Making the switch to an ultralight quilt
Of all of the gear that I’ve purchased since beginning backpacking several years ago, getting the right sleeping bag has been a bit of a struggle. After using three different sleeping bags and feeling too boxed in while using a mummy bag, or too cold in a roomier bag, I decided to try an ultralight quilt.
I wanted something that would allow me to move around comfortably so I wouldn’t have to sleep in the same position all night. And I wanted to carry less weight. The sleeping bag I had previously used on most of my trips, the Big Agnes Roxy Ann 15, weighs three pounds. It’s a roomy bag, but I soon found that meant it’s not as warm for someone who doesn’t fill the space inside the bag. I’m 5′ tall with a small build, so there was a lot of space leftover after I got in it. At first, I thought it was great. I could toss and turn all I wanted. I could even change my clothes while inside it. But I still felt confined when I needed to zip it up all the way. And it wasn’t as warm as I needed it to be.
Ultralight quilts have recently become quite popular, especially with thru-hikers. They are lighter in weight and tend to be more flexible in terms of how they are used. After researching all of the options available, I decided to purchase a quilt from Enlightened Equipment – a small cottage-industry company based in Minnesota that has been winning awards for their high quality ultralight gear.
For me, a big bonus is that all of their products are hand made in the U.S., and their down is ethically sourced. I like supporting companies that do things I believe in, and don’t mind paying a bit extra for it.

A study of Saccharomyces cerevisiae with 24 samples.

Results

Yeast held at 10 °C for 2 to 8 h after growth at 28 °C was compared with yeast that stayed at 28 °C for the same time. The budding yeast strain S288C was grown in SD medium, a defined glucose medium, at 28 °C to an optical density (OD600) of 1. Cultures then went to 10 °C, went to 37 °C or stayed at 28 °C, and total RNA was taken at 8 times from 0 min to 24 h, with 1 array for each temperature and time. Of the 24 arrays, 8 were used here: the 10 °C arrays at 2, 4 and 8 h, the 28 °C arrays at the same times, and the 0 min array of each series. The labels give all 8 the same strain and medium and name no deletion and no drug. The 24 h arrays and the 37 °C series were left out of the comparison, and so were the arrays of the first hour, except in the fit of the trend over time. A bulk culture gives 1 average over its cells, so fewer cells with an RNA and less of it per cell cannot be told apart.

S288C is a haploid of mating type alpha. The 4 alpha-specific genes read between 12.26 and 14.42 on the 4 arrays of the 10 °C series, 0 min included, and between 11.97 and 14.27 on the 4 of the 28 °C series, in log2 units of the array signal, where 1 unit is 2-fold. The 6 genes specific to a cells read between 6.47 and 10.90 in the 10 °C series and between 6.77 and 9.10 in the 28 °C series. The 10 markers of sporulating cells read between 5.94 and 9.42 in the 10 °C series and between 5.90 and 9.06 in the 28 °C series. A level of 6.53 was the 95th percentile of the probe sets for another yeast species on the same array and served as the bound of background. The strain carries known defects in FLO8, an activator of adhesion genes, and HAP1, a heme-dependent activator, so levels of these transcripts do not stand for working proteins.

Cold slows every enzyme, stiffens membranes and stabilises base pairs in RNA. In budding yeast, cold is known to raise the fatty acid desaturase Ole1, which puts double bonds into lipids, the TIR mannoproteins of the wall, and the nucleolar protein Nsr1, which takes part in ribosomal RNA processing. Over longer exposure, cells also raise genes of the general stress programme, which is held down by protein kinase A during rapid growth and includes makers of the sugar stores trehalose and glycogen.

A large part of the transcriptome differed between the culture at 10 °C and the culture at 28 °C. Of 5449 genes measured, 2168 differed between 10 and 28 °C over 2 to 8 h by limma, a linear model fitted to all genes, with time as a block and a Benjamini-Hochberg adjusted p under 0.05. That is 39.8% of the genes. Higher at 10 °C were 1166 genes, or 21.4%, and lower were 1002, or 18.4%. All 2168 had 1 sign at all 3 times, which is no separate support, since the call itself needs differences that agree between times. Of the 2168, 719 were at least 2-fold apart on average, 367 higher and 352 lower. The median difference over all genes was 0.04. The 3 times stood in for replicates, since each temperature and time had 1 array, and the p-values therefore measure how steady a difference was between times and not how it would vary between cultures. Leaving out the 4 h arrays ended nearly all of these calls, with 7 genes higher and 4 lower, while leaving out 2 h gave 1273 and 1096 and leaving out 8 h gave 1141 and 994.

Available only by ordering directly from the manufacturer, you can choose from three fill weights (850, 900, or 950), six temperature ratings, five lengths, four widths, and more than 15 fabric colors for a totally customized quilt.
I ordered the Revelation quilt with the following options: 950-fill, 10 degree, short length, regular width, with 20D fabric on the outside and optional water resistant stripes. Weighing only 22 ounces, I’m saving 1.5 pounds over the weight of my previous sleeping bag.
How it works
The Revelation has a short zipper at the foot, with snaps in a few spots and buckles that can be used with included straps to attach the quilt to your sleeping pad. The footbox closes up snug to keep your feet warm, and can be adjusted to allow more airflow when needed.
On cold nights, wrap the quilt all the way around your body and connect the buckles and snaps to make it more like a mummy bag (without feeling constricted!). The top has a pull cord that tightens for keeping warm air inside, but there’s no hood so I wear a hat if it’s really cold. In hot weather, leave it flat and use like a blanket.
Most of the time, though, I really like using the straps that are included for a roomier feel without any drafts. Just position the openings underneath you and your body closes any gaps. It’s easy to unbuckle the straps for getting in and out, or for when it’s warm and you want more airflow.
Putting it to use
I’ve used this quilt on two spring camping trips to Smith Rock State Park, a backpacking trip to the Hoh River Rainforest, and a backpacking trip at Shi Shi Beach. The overnight lows ranged from the mid 30s to around 60 degrees (it was uncharacteristically hot at Shi Shi!). With this much variance in temperatures, it’s been nice to have the versatility of the quilt so I can adjust how I use it. When it’s cold overnight, like it was at Smith Rock in March and April, I used it like a mummy bag. On the Hoh River trip, it was in the mid to high 40s overnight and I used the straps to attach the quilt to my sleeping pad. And at Shi Shi, it was cooler the first night, then much warmer the last two nights, so I just unbuckled it and use it like a blanket so I wouldn’t get hot.
Overall, I’m very happy with the switch to a quilt and the quality of the Revelation. I finally found my perfect sleep solution for camping and backpacking!
Note: I purchased this quilt with my own funds and receive no compensation from the manufacturer.